Why I Give

Why I Give
Donor investors to the Children's Discovery Institute come from all walks of life, from broadcast journalists to corporate vice presidents to secretaries to wealth management executives to hospital volunteers to patient families. But they all have one thing in common -- a passion for speeding up cures for kids.

Get to know some of our enthusiastic investors and learn what's behind their reasons for supporting the Children's Discovery Institute. The answers may surprise you.

Rick and Carol Short

“When I joined the hospital’s development board in 1997, I came at it with a blank slate. Having never had a child in the hospital, there wasn’t a specific program or service that Carol and I felt compelled to support. We just knew we wanted to help.”

Carol became an active member of Friends of St. Louis Children’s Hospital, eventually serving on its board. Rick moved from the development board to the hospital’s foundation board, acting as its resource allocation committee chair for nearly a decade. Service on the hospital’s board of trustees followed.

“Through those experiences, I gained confidence in the hospital’s ability to do what’s right by its donors,” Rick says.

The Shorts’ gift to the Care and Cures campaign to support the creation of the CDI in 2005 was one of many tangible demonstrations of that confidence. “By that time, we came to think of the hospital as a community treasure due to the passion demonstrated by the doctors, nurses and other staff. We felt compelled to support an effort to find cures for childhood diseases. It meant a lot to us.”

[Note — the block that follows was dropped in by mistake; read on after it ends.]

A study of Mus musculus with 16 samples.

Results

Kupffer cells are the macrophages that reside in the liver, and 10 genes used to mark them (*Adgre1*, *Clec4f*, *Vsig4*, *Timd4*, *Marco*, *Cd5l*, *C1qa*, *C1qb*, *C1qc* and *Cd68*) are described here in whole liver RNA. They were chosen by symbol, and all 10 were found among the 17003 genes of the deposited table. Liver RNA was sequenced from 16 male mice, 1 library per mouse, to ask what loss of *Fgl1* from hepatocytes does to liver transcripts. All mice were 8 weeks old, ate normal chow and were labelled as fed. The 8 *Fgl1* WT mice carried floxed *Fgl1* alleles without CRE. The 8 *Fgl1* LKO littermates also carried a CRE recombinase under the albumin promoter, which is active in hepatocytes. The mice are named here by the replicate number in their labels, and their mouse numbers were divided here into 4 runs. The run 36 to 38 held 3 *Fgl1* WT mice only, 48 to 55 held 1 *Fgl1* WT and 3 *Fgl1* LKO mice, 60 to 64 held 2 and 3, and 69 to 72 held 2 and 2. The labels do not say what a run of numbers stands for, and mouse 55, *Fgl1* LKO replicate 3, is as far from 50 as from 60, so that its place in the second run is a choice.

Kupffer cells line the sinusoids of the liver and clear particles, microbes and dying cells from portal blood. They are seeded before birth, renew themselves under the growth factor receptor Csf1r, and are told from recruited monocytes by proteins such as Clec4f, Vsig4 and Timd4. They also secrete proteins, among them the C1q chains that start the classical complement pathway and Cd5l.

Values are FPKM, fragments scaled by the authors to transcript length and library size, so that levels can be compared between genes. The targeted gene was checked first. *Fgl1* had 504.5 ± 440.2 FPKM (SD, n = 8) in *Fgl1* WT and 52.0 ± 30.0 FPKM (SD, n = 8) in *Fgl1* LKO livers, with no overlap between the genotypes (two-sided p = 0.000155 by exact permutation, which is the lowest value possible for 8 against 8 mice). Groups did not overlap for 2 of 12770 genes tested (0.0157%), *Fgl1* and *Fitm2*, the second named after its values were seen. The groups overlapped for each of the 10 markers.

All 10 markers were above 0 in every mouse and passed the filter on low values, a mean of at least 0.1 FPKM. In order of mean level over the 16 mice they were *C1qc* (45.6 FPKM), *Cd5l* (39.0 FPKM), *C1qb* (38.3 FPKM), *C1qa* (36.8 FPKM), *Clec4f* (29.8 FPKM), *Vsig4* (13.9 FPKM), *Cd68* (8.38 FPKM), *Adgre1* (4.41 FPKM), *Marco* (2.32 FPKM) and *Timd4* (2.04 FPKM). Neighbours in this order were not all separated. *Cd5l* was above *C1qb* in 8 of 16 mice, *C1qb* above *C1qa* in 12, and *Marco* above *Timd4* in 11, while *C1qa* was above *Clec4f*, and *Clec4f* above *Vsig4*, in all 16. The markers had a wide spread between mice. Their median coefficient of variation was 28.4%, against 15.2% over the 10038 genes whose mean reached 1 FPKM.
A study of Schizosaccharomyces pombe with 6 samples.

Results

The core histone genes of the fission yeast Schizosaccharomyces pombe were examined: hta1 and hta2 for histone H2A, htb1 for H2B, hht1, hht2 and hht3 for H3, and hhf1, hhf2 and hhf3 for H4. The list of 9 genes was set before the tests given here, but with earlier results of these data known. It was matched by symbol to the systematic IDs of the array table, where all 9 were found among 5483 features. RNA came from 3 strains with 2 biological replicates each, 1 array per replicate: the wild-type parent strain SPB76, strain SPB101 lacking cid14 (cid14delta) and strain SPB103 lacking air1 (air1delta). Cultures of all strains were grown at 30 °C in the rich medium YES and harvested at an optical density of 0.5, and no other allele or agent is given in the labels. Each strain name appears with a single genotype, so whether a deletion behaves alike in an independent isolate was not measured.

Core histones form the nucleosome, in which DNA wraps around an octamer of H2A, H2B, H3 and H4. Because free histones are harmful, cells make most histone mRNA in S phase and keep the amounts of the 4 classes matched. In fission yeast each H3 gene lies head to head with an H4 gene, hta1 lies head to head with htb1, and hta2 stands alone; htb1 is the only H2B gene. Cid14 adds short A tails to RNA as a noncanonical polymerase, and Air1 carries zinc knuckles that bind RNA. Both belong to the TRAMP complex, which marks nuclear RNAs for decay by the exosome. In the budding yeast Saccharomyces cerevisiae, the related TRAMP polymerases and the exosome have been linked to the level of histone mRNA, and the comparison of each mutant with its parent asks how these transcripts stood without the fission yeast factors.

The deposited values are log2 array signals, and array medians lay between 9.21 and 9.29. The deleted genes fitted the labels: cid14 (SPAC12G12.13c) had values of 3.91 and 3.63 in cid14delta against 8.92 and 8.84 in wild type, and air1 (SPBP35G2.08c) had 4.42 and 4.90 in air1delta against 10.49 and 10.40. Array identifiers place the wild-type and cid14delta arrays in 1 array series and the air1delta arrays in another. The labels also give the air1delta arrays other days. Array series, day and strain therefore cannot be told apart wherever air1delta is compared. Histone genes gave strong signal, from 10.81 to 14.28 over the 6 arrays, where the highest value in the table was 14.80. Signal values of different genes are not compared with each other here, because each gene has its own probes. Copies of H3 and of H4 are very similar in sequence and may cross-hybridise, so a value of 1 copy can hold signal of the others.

Choosing to support musculoskeletal disease research, the Shorts took a tour the lab of Matthew Dobbs, MD, associate professor of orthopedic surgery, shares with Christina Gurnett, MD, PhD, associate professor of neurology and the CDI’s first faculty scholar. In 2007, the two physician/sciences teamed up in search of genetic sources of musculoskeletal diseases. Their exploration led them to mutations in early limb developmental pathway genes that are responsible for human clubfoot.

“We have been impressed by the creativity that goes into pediatric research,” Rick says. “We’ve also been impressed with the vision the CDI board demonstrates through the kinds of research projects it chooses to fund. We remain confident that the CDI will make good use of the donor funds it attracts.”